If it happened that you’ve seriously damaged a plank in a hardwood floor, which can’t now be fixed by using a filler, what you need to do is remove and replace it with a new one. Hence solid wood floors are installed in a tongue and groove fitting method, removing one plank can turn out to be considerably difficult. Thus, the best thing you can do is be prepared and have enough time to make sure you do it carefully and get a good result. Importantly, you need to try to avoid damaging the remaining planks neighbouring the one which has been damaged. In addition, never pull at the board – you may be tempted to do so, but it often can do more harm than good.
In this article you will learn how to get to that and how exactly to proceed, but let's first look at the things you’ll need to prepare: a hammer, a jigsaw, a circular saw, a chisel, a masking tape, a ruler and a pencil or a removable marker to mark the wood.
Let's move on to what you need to do. Start by covering the surface of all the boards around with a masking tape. By covering the tops of the other boards, you will be able to avoid accidentally damaging the surrounding boards, which are still in good condition.
Having covered the boards, use a ruler and a marker to mark out a rectangle along the length and width of the board you need to remove. This rectangle should be located slightly over 1.25cm from each of the board's four edges. That is the place where you will cut the board later on.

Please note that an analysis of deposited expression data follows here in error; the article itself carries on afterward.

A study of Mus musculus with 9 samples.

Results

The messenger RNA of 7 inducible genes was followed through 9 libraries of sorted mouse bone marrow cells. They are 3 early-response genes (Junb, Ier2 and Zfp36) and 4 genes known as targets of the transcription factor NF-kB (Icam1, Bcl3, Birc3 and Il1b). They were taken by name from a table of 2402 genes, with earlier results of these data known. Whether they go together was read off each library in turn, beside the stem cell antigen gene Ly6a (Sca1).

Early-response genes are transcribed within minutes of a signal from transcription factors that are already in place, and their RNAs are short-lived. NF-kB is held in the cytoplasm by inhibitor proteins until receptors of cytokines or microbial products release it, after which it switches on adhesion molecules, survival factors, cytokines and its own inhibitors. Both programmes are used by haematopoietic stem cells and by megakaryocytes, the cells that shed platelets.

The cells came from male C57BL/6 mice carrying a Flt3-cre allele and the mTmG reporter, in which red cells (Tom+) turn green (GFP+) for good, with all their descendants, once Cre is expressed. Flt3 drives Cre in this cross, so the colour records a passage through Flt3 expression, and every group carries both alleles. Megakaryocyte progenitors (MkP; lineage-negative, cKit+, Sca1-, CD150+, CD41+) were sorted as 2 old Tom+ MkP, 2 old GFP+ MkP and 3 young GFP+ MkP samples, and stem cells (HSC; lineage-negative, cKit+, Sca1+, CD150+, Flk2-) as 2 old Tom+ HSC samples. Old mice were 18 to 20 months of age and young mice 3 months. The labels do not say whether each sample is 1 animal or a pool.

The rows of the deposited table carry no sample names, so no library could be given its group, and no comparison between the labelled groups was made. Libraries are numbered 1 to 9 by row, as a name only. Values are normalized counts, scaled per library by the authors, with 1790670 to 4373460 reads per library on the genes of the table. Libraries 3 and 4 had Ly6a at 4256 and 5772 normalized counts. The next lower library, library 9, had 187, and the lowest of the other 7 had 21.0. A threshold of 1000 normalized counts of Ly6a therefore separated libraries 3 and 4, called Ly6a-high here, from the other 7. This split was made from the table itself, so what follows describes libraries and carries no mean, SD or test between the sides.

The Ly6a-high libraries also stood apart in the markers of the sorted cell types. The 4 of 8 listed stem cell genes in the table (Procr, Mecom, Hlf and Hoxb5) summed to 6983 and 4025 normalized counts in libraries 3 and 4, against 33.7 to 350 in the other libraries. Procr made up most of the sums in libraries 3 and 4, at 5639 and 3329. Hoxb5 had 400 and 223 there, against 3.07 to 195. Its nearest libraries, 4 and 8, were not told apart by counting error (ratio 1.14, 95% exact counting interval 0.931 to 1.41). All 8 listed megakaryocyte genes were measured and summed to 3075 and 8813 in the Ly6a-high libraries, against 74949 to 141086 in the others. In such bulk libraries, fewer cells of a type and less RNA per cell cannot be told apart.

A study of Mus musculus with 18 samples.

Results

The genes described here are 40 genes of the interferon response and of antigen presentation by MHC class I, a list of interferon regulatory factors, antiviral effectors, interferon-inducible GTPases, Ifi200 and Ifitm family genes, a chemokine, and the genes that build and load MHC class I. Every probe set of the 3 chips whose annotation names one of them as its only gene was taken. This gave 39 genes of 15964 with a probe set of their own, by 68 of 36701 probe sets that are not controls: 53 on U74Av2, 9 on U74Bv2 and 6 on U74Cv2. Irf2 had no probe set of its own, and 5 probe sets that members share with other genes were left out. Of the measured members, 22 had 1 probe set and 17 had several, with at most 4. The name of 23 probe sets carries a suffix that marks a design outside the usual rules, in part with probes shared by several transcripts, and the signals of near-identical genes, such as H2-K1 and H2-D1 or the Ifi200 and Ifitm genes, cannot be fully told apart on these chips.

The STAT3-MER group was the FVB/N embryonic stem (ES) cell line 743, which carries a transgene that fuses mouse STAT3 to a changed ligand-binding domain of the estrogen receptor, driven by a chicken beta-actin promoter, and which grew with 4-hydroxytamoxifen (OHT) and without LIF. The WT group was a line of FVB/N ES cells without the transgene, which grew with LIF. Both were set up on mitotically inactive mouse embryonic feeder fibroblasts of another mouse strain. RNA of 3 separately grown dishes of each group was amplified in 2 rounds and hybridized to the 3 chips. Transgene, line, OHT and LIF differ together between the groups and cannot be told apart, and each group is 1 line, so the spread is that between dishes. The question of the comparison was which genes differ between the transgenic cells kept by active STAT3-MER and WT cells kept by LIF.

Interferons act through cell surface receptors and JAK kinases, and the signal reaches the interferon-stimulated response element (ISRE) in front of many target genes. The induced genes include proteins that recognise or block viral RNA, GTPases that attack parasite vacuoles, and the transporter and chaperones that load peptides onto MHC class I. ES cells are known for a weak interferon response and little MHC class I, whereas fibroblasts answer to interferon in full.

Cutting the board
Once the board is already marked out and you know where you are going to cut it, use a circular saw to cut it. If you know how thick the board is, you will be able to set the saw to the exact thickness. But if you don’t, start with 1.25cm and work up from there until establishing the proper setting. It's recommended to make a test cut in the middle of the marked rectangle.
Once, you've established how thick the board is, cut it carefully with the circular saw along the two long sides of the rectangle. When the two long sides are cut, move on to tackling the short sides with a jigsaw. You’ll get a rectangular 'hole' in the middle of the damaged board. Then, you’ll be able to prize out the remaining parts of the board carefully with the use of a hammer and a chisel.
Move around the remaining parts of the plank to gently pull it out, paying special attention not to damage the tongue or the groove of the surrounding boards. Always try working horizontally and carefully get rid of any nails from the tongue side of the plank.
Matching the plank
Then, we move on to a bit more challenging task, which is finding a proper board to replace the one you’ve removed, so that it matches all the neighbouring boards. That's why when investing in a new floor, it’s always recommended to get some extra planks to store them for the future, in case you ever need to repair a board, which confirms that thinking in advance often pays off.